Tuesday, 30 July 2013

Eating well!

The much welcomed sunshine has perked things up in the vegetable garden and we are gorging on soft fruit and veg. The brassicas are well netted against bird damage but hordes of white butterflies are having a lovely time fluttering in and out of the netting - I shall have to be on the look-out for caterpillars. I'm doing a daily patrol through the fronds of asparagus on beetle watch as it is but at least the torrential downpours of the last few days have filled all the water butts and barrels and removed the time consuming task of watering. I put some well rotted compost around the courgette plants and the combination of warmth and water has caused dozens of melon seeds to germinate. I've potted a few up, as have my neighbours on either side of our garden. I doubt that there will be enough summer left for us to end up with a crop of melons, but gardeners are optimists, so we live in hope!
The mange tout and peas have grown sky high
and we are eating the first of the potato crop.
The walnut tree is laden with young nuts. I've learnt not to get too excited about this harvest until it is safely in the bag as squirrels from the neighbouring woods are capable of stealing the lot! It has become a huge tree and I think that it will require some attention, possibly the removal of lower limbs, in the winter when the sap won't bleed.
The rose, 'Paul's Himalayan Musk' gives a glorious but short display of flower each year, It has now been pruned hard back and is nothing more than a green hedge.
Other roses are still performing well, 'Veilchenblau' climbing high into the plum tree
and other varieties following suite.
But, oh, how disappointing! I bought 'Cinderella' at the seed swap this spring and have been waiting in happy anticipation for her to bloom. She has done so in perfect weather, with no rain or harsh winds to ravage the petals. But nevertheless the flowers are marked
unsightly brown outer petals.
Cinders, indeed, and certainly not dressed for the ball!
The 'Queen of Denmark' is much better behaved.
I've put my auriculas into the garage greenhouse. During the summer when the sun is high it functions as a shade house and doesn't get overly hot. It has just a couple of panels of reclaimed Victorian glass  tiles in the roof that face east and west. (They took forever to clear of smoke and grime!)

Himself has taken advantage of the dry weather to do various tasks. Photographed here are the kitchen cupboard door knobs, getting a fresh coat of varnish. "Photograph my workbench," he instructed, "it's a design classic."
Okay, Captain! (The man's a marvel!)
Ah, everything in the garden is lovely!

Saturday, 27 July 2013

A bit of bragging about bronze!

I've been getting regular updates by phone from my friend who joint owns and runs a recycling gallery in Manchester. They have created a garden for the RHS flower show at Tatton Park based on their philosophy of using materials that other people discard. They have never entered such a competition before nor created any garden other than the small outside area at the gallery. It has been a huge amount of work and a very steep learning curve. "Never again," said my friend at the start of the week when the garden was all in place. "We've done the best we can. If the judges think that it's a pile of old junk, well, it is!" The judges obviously liked what can be created from 'junk' and the enthusiasm of a small army of volunteers because they were awarded a bronze medal. It wouldn't be surprised if my pal isn't already scribbling designs for next year's garden on the back of an envelope!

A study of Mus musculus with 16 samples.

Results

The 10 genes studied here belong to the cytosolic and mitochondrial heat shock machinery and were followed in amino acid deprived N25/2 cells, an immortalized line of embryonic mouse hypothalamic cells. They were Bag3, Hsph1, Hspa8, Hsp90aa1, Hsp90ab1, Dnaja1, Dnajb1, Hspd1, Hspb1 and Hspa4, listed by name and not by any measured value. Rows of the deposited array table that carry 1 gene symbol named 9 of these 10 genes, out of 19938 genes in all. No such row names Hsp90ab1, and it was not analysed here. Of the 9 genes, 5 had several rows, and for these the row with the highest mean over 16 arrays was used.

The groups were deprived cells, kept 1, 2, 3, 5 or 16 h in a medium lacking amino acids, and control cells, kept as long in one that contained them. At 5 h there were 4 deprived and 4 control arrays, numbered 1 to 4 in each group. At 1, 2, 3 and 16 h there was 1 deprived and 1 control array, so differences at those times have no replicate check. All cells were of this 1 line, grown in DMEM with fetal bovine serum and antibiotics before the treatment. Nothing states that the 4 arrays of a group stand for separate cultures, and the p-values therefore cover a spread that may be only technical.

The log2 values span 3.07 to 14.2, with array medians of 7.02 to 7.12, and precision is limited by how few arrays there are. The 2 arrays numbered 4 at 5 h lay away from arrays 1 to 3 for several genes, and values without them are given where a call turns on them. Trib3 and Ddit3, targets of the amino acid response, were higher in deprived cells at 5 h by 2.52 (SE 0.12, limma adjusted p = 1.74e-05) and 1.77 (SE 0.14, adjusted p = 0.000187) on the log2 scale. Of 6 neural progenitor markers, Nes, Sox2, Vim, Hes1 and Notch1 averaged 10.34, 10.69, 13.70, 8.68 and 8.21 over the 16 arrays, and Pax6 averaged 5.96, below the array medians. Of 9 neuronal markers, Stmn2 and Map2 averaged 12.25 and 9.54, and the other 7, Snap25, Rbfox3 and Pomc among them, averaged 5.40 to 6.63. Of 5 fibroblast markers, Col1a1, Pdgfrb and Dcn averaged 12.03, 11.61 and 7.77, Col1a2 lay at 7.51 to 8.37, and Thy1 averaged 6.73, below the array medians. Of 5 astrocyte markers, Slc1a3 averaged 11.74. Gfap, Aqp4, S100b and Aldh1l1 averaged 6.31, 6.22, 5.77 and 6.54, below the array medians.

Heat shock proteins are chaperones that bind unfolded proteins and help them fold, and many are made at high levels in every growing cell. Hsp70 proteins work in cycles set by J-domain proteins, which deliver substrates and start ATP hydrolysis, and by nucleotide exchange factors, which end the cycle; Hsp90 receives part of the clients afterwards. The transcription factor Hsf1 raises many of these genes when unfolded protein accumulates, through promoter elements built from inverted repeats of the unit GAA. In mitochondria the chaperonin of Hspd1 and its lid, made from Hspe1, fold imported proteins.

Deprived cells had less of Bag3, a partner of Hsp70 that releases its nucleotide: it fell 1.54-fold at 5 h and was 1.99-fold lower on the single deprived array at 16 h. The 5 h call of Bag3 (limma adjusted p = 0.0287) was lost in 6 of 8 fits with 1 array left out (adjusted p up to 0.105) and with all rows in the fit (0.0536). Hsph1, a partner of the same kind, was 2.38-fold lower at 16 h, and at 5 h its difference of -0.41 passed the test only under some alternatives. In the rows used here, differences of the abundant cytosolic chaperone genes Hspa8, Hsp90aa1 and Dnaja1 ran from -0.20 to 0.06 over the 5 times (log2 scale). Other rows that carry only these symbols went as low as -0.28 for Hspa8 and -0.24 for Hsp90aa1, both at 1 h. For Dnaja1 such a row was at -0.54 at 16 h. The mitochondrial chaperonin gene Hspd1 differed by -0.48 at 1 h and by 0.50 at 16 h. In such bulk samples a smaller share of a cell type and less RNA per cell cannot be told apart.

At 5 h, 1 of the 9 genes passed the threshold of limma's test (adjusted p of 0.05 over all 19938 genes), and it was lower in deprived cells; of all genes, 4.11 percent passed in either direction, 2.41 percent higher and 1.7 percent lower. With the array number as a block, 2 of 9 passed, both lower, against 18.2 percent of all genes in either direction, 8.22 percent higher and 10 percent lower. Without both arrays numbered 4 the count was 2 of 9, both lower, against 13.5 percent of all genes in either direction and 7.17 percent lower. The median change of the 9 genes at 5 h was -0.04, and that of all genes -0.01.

Here is the basic structure being set out - in very hot weather!

The finished result.
BBC camera crew.
The waterfall and pond is made from recycled glass
and it has received much appreciative attention.
The walls are hung with decorative panels.
(It has all to be dismantled on Monday!)

Tuesday, 23 July 2013


I'm getting up in the early mornings so that I can water the garden before the heat of the day.
The vegetable plot is loving all this warmth - as am I!
The courgettes are on stream
but the lawn is struggling.
As well as watering I'm busy dead-heading and cutting back.

It's wonderful to be living out of doors!

Wednesday, 17 July 2013


We've turned the Aga off in the kitchen for the duration of the heat-wave and on Monday, as it was our fourty-sixth wedding anniversary, there was no question of doing anything even vaguely domestic. A day out was on the cards. We went to the National Trust village of Lacock for lunch and a saunter about. It's a pretty place, with a combination of cottages and rather grand houses, and is often used as a film and television location.

We walked down the lane to the ford, a quiet spot, which I thought I had to myself
until I saw these three young women, looking rather like extras on a French film set.

It was cool  in St Cyriac's Church.

I lay on the floor to get a good photo of the marvelous ceiling that would once have been highly painted. (There was no-one about to see me!)

There were some fascinating stories to find in the plaques and brasses;
brothers falling from horses
and a family of thirteen children!

Then we walked down Church Street. At the bridge I glimpsed a garden that I had never previously noticed. What was in it?
This wonderful topiary figure!
The garden wall was too high for me to peep over. Himself held my camera high and this is what it caught.
I walked around to try to find an entrance, hopeful that it might be open to the public.
Sadly not! (But doesn't it look tantalizing?)
From the window of the shop, 'Quintessentially English', I looked out of the window to see a giant dog looking over the garden wall!
Then we sauntered back, past the abbey, on our way to the car.

But not before meeting a couple on holiday from Vancouver. 
Thank you, Sandi and Jay, for your good company and the celebration drinks.